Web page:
Sunday, March 30, 2014

Nostalgia Theater: Earth: Final Conflict -- Clearing Gene Roddenbery's Table Scraps

The first-run syndication boom of the 1990s was a direct result of Paramount's twin Star Trek successes, The Next Generation and Deep Space Nine, which led to a whole host of syndicated hourlongs bombarding local stations to capture just a small piece of that mojo. By the late '90s, producers were turning to unfinished ideas that had been left behind by late Trek creator Gene Roddenberry, in hopes that his posthumous imprimatur would be enough to add a veneer of credibility. That's the landscape that birthed Earth: Final Conflict, based on a concept developed Roddenberry during the '70s, but which didn't make it to air until fall of '97.

Beginning life under the title "Battleground Earth" (eventually changed due to the similarities with L. Ron Hubbard's crap-tastic book Battlefield Earth -- later a crap-tastic movie), the premise of the skein, which got back-burnered thanks to Trek's big screen rebirth in the late '70s, was to chronicle the arrival of a sophisticated alien race on Earth, with a cast of human characters soon realizing these seemingly benevolent "Companions" aren't quite what they seemed. If that sounds familiar, it's probably because between Roddenberry dreaming up the idea and the finished product actually airing, Kenneth Johnson basically did that story in his V miniseries, with its fascistic "Visitors," on NBC in 1983.

Canadian-basesed Alliance Atlantis acquired the concept from Roddenberry's widow, the late Majel Barrett (who would appear in a recurring role), gave it a new title, and brought all the verve and passion you'd expect from low-budget syndicated TV. The amazing thing about Earth: Final Conflict, given the swamp of lowered expectations from which it emerged, is that it actually started out pretty strong. There were some compelling stories looking at the impact of an alien presence on Earth, and a likable leading man in Kevin Kilmer, as William Boone, special protector for the alien Taelons who's secretly working to uncover their hidden agenda. Here's the intro for the first season:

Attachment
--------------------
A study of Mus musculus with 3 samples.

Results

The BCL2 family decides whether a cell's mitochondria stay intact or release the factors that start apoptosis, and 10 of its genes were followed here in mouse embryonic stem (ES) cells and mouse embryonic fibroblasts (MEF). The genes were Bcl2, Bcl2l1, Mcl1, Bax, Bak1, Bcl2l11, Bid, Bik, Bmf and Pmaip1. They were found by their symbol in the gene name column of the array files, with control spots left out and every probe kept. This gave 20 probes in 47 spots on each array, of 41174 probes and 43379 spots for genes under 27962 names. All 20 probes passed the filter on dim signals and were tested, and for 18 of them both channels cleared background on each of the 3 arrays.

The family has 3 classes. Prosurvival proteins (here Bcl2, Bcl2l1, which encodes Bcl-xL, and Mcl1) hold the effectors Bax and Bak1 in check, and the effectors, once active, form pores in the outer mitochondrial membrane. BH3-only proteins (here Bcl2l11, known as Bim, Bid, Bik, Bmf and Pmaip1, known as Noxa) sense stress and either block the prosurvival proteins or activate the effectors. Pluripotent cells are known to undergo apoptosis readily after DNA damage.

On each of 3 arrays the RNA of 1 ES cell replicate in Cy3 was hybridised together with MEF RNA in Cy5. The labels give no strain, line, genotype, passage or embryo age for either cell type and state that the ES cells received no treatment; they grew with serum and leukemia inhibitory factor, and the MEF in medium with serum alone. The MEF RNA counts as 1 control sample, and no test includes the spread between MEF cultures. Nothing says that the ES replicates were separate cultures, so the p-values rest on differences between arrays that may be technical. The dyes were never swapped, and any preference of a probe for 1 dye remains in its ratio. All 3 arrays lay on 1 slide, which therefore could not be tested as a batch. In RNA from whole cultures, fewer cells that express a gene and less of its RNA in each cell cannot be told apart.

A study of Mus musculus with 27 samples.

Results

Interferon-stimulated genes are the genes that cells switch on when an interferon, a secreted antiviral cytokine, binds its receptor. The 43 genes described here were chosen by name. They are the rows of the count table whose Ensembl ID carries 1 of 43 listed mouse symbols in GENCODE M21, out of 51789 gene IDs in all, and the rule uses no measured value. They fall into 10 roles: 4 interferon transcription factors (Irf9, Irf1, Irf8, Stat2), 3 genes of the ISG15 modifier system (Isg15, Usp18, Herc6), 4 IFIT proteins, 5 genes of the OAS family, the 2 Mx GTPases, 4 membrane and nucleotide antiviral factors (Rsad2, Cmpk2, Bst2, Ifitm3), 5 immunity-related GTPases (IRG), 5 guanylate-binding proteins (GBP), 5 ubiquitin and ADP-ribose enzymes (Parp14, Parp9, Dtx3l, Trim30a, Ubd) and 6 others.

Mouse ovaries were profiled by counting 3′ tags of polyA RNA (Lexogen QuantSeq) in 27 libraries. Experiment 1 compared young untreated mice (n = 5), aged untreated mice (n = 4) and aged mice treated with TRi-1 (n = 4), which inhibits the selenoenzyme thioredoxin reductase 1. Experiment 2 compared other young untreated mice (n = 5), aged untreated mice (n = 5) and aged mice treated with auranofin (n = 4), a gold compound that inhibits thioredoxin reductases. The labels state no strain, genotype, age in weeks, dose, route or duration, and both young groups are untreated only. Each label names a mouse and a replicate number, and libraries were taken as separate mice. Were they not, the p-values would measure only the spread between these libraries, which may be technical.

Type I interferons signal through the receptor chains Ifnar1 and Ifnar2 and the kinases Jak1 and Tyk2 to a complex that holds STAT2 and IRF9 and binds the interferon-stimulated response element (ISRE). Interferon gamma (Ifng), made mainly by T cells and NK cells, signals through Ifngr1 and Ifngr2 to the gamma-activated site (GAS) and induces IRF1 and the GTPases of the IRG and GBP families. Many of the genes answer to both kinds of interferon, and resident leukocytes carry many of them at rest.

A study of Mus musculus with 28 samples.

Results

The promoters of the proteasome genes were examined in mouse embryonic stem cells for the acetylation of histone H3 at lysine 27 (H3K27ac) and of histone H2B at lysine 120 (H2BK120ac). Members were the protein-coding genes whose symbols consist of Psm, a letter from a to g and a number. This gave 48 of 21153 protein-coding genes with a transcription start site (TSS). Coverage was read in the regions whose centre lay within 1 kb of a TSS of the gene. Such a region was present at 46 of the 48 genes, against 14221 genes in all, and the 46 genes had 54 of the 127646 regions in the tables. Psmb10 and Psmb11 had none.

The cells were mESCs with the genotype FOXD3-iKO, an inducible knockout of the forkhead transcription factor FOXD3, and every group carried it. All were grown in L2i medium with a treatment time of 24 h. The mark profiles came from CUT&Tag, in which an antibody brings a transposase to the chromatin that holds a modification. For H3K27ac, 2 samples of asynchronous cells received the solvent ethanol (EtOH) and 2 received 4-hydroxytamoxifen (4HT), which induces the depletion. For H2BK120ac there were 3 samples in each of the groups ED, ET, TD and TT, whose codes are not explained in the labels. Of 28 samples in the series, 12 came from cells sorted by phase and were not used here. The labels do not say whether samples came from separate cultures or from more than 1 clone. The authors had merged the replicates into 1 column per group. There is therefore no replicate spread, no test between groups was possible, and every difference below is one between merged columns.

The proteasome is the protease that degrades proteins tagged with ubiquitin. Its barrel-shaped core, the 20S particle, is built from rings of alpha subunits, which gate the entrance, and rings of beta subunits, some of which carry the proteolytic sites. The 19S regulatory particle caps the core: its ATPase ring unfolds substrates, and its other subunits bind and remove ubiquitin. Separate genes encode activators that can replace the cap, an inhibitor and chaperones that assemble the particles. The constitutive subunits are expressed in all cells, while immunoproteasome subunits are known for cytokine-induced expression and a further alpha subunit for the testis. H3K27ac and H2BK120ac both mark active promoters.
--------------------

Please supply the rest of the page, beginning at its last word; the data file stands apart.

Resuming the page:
Love that theme music. Anyway, so that was the first year. Not necessarily groundbreaking, but pretty worthwhile in its own way. And then, the bottom fell out. I don't have any knowledge of the behind-the-scenes situation at the series, but for whatever reason they up and killed off Kilner's Boone at the end of the first year. The start of year two introduced a new lead, Liam Kincaid (played by actor Robert Leeshock), who was a human-alien hybrid trying to find the secret of his identity while also helping the resistance. But oh, just in case you got used to that status quo, they shuffled Liam off the board before long as well. Here's the second year's set-up:

And so it went over the show's entire inexplicable five season run. They kept moving characters, concepts, and even the core premise, in and out of play, presumably because Roddenberry's chicken scratch could only get them so far, and by the end you'd be hard-pressed to find anyone who cared. I know I'd stopped watching looooong before it choked and gasped its way to a close in May 2002. As I recall, they even roped in Kilner again to revive his character for a few eps in the final season, but by then it was a whole lot of "whatever." I didn't even know when the show ended, and I have no idea if they wrapped things up, but here's the intro for the final year:

Now, Earth: Final Conflict lasted 110 episodes over five seasons, so it's hardly a failure in terms of raw numbers. But with the exception of the pretty-good first season, it was nothing short of a disaster, with a meandering, disjointed "arc" that had neither the consistency nor the creativity to make us squint hard enough to make the acting, effects, and production design any less lackluster. Nonetheless, it did well enough in the ratings to warrant another post-mortem Roddenberry syndie series, Andromeda, and I'm sure I'll have plenty to say about that one of these days. In the meantime, you can pick up the first season of Earth for next to nothing on Amazon. I recommend checking it out. And stopping there.